2016 has been a great year to find Women Who Submit members in publications all over the world and November was no different. Congratulations to all who were published this month!
From “As a Teen, I Saw Myself in Rory. Now I Strive to Be Like Lorelai,” by Alana Saltz at the Washington Post:
Like Rory, I was an introverted teenager who aspired to share my experiences through writing. Now I strive to be like Lorelai and like my own mother — self-sufficient, independent and resilient.
Also from Alana, “In the 5 Stages of Trump Grief, Acceptance Is Not on My List,” at the Huffington Post:
…I will never, ever accept what Donald Trump stands for. That acceptance would mean surrendering to animosity and bias. That acceptance would make me complacent, allow me to throw my hands up and say, “I guess this is our country now. Everything we’ve fought for in the past means nothing.”
From Kelly Shire‘s “Beautiful Music” at Full Grown People:
After returning home, my imagination kept returning to the desert. I wrote a short story about a woman who lived alone in a trailer on the outskirts of a grove of date palms. The wind blew at night, and the woman lay alone in bed, trying to decipher the curses and premonitions told in the clatter of palm fronds.
From “When Childbirth Feels Like Assault” by Rachael Rifkin at The Development Set:
Every person, regardless of pregnancy status, has the right to informed consent, refuse medical treatment, equal treatment, privacy, and life. (This right was recently codified by the nonprofit Human Rights in Childbirth.) While healthcare professionals can recommend a treatment, the decision to consent to or refuse a procedure is ultimately in the patient’s hands, as long as they are a competent adult.
Also from Rachael, “I Found My Grandparents’ Sorrow Buried in a Trove of Forgotten Letters,” at Narratively:
My grandmother was in labor too long, and the baby kept hitting her head on my grandmother’s pelvis, trying to get out. She should have had a C-section but wasn’t given one. When Paula was finally delivered, they discover she had sustained a cerebral hemorrhage. She developed hydrocephalus – the buildup of too much spinal fluid and pressure on the brain – and died a few months later.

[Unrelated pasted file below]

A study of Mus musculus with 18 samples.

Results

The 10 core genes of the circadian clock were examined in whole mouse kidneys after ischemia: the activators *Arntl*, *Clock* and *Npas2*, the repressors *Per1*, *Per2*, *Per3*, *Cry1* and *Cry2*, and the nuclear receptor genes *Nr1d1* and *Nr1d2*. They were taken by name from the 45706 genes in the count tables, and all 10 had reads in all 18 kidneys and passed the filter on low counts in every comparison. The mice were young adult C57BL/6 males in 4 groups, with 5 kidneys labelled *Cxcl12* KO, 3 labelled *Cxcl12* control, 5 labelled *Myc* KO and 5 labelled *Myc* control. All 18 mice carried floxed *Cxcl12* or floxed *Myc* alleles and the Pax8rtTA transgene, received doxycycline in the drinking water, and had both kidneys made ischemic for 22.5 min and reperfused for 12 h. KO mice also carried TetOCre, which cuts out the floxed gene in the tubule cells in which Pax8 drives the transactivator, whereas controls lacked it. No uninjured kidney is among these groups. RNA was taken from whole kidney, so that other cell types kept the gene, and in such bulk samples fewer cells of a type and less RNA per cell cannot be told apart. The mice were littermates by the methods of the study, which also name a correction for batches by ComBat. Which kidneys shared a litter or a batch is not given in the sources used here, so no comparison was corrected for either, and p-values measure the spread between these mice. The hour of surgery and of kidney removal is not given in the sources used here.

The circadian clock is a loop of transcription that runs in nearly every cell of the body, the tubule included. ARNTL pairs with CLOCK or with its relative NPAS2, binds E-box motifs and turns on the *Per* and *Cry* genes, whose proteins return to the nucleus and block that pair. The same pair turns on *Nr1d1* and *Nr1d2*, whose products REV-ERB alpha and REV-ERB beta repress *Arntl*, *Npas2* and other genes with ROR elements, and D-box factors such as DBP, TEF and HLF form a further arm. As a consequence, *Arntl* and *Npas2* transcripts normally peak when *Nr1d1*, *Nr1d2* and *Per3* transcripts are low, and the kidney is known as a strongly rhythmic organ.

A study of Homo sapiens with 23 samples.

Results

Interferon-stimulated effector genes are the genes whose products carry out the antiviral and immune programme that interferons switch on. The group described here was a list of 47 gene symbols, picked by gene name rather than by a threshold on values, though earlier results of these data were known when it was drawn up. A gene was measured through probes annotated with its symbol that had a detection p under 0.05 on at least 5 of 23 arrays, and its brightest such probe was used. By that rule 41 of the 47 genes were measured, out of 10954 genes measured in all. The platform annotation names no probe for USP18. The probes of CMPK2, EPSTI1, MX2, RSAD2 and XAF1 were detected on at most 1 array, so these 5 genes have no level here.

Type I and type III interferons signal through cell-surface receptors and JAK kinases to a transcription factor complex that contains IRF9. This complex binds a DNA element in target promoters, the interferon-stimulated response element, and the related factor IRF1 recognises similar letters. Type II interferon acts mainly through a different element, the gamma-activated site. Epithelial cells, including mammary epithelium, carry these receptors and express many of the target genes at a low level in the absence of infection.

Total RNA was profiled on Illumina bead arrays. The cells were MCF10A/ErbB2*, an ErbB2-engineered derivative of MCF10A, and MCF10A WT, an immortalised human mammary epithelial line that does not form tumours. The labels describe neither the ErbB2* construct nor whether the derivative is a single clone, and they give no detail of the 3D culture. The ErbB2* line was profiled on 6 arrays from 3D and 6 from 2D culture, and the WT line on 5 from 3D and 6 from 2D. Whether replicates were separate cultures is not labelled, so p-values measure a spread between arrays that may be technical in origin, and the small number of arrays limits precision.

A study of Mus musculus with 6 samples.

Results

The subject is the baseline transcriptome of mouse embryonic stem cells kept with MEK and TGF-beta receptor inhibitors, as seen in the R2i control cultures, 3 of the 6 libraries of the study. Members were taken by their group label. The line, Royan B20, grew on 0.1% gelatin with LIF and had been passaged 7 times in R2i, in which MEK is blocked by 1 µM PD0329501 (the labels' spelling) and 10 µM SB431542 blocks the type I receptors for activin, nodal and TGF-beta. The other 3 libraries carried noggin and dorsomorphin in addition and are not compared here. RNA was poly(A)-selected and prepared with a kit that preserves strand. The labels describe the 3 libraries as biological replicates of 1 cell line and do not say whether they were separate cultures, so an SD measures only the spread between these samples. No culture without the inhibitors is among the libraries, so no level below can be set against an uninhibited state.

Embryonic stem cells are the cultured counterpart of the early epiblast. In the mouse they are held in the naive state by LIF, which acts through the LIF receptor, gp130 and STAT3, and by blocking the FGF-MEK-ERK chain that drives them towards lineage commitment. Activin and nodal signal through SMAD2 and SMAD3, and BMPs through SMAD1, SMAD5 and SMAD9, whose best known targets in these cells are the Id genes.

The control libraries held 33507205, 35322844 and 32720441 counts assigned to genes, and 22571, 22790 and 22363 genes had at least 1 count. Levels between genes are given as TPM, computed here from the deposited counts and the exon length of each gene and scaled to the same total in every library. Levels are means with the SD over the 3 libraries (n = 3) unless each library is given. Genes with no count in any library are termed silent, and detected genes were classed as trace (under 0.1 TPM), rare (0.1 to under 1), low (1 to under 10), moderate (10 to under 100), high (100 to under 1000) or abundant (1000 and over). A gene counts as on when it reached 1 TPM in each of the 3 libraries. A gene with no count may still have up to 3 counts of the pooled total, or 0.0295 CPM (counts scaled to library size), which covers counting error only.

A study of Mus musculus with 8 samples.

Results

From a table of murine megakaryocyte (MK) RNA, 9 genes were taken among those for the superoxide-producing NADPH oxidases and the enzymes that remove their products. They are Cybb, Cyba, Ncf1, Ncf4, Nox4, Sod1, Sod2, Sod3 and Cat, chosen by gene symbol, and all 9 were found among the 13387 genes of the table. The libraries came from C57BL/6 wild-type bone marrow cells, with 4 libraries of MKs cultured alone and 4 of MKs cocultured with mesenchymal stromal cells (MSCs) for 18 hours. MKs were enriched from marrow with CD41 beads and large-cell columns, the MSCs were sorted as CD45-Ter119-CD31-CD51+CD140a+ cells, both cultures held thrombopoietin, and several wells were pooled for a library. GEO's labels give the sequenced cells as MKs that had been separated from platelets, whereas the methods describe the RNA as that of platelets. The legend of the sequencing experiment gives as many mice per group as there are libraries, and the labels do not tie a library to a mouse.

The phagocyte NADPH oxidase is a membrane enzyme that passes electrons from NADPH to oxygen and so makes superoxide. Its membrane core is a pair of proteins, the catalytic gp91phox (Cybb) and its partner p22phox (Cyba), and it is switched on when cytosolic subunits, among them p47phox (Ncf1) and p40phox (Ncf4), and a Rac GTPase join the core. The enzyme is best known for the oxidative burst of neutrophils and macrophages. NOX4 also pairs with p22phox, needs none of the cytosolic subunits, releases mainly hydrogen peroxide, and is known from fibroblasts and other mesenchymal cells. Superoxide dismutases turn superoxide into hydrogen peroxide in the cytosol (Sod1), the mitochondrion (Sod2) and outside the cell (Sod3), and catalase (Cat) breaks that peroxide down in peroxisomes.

From “Loving v. White Anxiety” by Stephanie Abraham at Bitch Media:
On November 4, the new feature film Loving debuted in the United States. The film’s stunning aesthetics, stellar acting, and timely content made it a contender for the Cannes Film Festival’s top prize, the Palme d’Or, and many believe it will compete for an Oscar. Over the last three weeks, the movie has been gaining speed at the box office, grossing over $4 million. This spike in viewership after the election makes sense. Many are finding the film to be a valuable addition to their post-election anti-stress strategies.
From Muriel Leung‘s “A House Fell Down On All of Us” at Drunken Boat:
The beast of the beast of the mouth
of the beast was a turn-flower.
Carla Sameth was the featured Member Profile at PEN Center USA:
Freedom to Write means the ability to write what I really see, think, and feel, knowing that I will survive the repercussions. For people in certain parts of the world, writing their truth may mean torture or even death. For others it could mean being slammed by Internet trolls, racists, and other haters. Some may even fear the reactions of their closest friends and family. I have become more willing to take risks and write my truest truths thanks to supportive colleagues, groups like Women Who Submit, and organizations like PEN Center USA.
Congratulations to Kate Maruyama whose story “The Sound” appeared in the Fall/Winter issue of Whistling Shade!
Congratulations also go out to Emily Geminder whose collection, Dead Girls and Other Stories, won the Dzanc Books Short Story Collection Prize. The book will be published in Fall 2017 and Emily will win a $1,000 advance.
Congratulations to Arielle Silver whose poem “Sunday Morning” was nominated for a Pushcart Prize! And check out Arielle‘s interview, “Cutting-Edge and Cutting Through Barriers,” with The Review Review.